PDP demands changes in proposed Police Bill

Describing the proposed Police Bill as an attempt to institutionalise the dreaded ikhwan (renegade) culture in Jammu and Kashmir, opposition Peoples Democratic Party (PDP) on Sunday said it would strongly oppose its passage in the present form.

The PDP president Mehbooba Mufti agreed that police in the state definitely is in need of drastic reforms.

“Several provisions in this bill are undemocratic and anti people and will take the state back to medieval times when khaki uniform struck terror in the hearts of people,” she said.

“J&K has the dubious distinction of having been reduced to a police state outside the democratic system of the country. The proposed Bill would actually covert it to a lawless state. If this Bill is allowed to pass in its present form, we will have an ikhwani state in which the thanedar (SHO) and not the democratic institutions or the elected representatives will set the rules of the society,” she said.

“On one hand the government is making noises on scrapping the AFSPA and on the other it is proposing to provide similar immunity and unbridled powers to its own police and taking them out of all civilian control and guidance,” Mehbooba added.

The PDP president claimed the proposal to create special security zones (SSZs) and legalisation of village defence committees is dangerous for any society.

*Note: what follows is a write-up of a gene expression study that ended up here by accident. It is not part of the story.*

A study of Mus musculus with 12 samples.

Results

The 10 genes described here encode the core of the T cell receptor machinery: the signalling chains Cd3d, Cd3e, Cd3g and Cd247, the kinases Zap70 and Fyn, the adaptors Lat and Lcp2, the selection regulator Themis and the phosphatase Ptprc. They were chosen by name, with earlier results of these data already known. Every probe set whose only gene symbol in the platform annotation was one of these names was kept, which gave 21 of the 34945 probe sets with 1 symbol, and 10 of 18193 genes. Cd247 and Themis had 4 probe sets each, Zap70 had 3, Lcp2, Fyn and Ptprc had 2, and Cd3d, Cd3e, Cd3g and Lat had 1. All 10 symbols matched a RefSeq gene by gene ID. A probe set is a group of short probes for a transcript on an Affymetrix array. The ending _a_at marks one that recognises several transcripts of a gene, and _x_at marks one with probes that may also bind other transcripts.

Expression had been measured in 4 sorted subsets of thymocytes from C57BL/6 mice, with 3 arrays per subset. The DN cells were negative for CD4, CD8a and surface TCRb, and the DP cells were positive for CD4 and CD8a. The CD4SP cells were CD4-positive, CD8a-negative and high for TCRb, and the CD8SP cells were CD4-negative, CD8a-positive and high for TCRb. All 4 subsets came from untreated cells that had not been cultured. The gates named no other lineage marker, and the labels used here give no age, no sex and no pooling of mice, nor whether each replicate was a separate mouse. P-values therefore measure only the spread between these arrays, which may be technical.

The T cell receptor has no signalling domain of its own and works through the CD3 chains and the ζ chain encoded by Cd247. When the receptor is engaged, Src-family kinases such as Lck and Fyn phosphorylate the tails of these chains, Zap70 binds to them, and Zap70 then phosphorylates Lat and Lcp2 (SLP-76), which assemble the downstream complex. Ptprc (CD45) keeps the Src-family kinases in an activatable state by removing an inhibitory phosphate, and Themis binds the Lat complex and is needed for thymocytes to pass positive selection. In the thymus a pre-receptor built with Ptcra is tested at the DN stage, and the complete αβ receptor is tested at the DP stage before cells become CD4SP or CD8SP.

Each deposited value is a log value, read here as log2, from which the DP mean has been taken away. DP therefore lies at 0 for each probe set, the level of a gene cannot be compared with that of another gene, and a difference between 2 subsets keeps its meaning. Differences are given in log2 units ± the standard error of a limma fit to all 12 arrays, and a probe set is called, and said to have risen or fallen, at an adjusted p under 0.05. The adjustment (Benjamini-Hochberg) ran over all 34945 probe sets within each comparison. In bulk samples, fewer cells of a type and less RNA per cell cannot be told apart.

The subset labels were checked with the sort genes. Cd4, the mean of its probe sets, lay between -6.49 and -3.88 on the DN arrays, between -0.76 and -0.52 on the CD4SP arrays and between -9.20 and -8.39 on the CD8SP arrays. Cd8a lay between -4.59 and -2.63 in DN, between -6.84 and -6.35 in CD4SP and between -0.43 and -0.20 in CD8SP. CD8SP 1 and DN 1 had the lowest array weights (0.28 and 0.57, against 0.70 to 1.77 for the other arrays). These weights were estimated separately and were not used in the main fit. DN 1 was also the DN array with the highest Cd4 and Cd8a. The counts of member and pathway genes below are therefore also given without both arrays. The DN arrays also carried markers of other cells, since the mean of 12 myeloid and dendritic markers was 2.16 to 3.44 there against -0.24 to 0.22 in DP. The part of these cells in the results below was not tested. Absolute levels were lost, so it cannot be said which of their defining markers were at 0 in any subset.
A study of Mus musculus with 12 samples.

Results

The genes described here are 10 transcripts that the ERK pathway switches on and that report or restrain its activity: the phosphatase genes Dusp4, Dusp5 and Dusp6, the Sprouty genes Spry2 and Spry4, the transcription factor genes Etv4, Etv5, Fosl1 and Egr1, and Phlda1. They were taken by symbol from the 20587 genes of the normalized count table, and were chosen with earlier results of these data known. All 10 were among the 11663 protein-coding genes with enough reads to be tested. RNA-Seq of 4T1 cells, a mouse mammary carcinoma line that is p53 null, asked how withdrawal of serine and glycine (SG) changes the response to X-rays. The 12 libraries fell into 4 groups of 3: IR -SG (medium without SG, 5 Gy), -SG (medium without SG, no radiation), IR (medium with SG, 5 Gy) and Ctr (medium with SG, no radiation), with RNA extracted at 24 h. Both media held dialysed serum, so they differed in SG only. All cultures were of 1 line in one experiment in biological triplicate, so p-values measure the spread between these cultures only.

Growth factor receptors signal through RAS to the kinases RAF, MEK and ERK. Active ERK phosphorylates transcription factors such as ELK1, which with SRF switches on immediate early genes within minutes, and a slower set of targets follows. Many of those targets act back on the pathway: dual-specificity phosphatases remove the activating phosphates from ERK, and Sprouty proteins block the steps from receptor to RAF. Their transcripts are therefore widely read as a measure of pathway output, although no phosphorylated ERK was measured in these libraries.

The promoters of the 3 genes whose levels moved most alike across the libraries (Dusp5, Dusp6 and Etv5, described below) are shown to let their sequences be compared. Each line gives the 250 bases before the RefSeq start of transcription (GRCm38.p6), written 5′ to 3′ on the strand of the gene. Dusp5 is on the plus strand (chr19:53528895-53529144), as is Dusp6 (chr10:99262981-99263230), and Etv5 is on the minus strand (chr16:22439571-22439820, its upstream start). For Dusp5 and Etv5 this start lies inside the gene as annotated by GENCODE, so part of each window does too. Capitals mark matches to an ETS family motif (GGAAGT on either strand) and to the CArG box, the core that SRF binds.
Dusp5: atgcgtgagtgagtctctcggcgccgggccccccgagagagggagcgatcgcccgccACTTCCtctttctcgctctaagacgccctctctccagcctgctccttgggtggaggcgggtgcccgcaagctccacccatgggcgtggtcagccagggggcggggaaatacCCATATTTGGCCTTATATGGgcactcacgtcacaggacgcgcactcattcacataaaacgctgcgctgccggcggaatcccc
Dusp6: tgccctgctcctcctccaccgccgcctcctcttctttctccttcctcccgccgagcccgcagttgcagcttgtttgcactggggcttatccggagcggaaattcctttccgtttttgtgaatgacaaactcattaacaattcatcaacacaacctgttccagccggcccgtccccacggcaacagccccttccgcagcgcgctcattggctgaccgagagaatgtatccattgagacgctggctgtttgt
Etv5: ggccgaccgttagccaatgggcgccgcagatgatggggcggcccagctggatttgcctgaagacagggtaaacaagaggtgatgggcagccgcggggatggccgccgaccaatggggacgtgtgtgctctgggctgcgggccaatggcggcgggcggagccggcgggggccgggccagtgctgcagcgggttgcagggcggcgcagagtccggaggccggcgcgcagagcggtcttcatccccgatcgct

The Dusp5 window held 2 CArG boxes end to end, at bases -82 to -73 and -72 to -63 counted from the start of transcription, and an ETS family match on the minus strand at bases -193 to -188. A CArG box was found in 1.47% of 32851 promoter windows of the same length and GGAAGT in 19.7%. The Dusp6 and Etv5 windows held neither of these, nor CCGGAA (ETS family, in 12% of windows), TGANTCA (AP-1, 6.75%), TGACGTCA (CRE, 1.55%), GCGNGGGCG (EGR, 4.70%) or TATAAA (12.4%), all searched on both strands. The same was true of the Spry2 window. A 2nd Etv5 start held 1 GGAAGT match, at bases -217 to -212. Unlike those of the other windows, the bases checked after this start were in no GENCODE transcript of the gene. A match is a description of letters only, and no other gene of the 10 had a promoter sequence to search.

“But for a conflict ridden area it could be a sure prescription for continuing the disturbed conditions and denial of basic rights,” she said.

She said police actually needs to be brought out of the colonial mindset and practices that were followed by feudal forces to stay in power and the objective of any new law should be to make it more accountable to democratic institutions, people friendly and socially oriented.

“The proposed law unfortunately negates any such purpose,” she said.

The leader claimed that the backdoor offences have been included to increase the criminal liability of the public.

“It not just means taking people to jail for petty offences but is also a negation of social policing and larger public morality,” she said.

“If this Bill is passed, then a person can be jailed for wrong parking, cleaning furniture in a public place, urinating on the road side, not caring for pets, overtaking and breaking a queue for essential supplies,” she cautioned.

Mehbooba alleged that the government had deliberately chosen this time for inviting suggestions on the bill when means of communication have been severely restricted.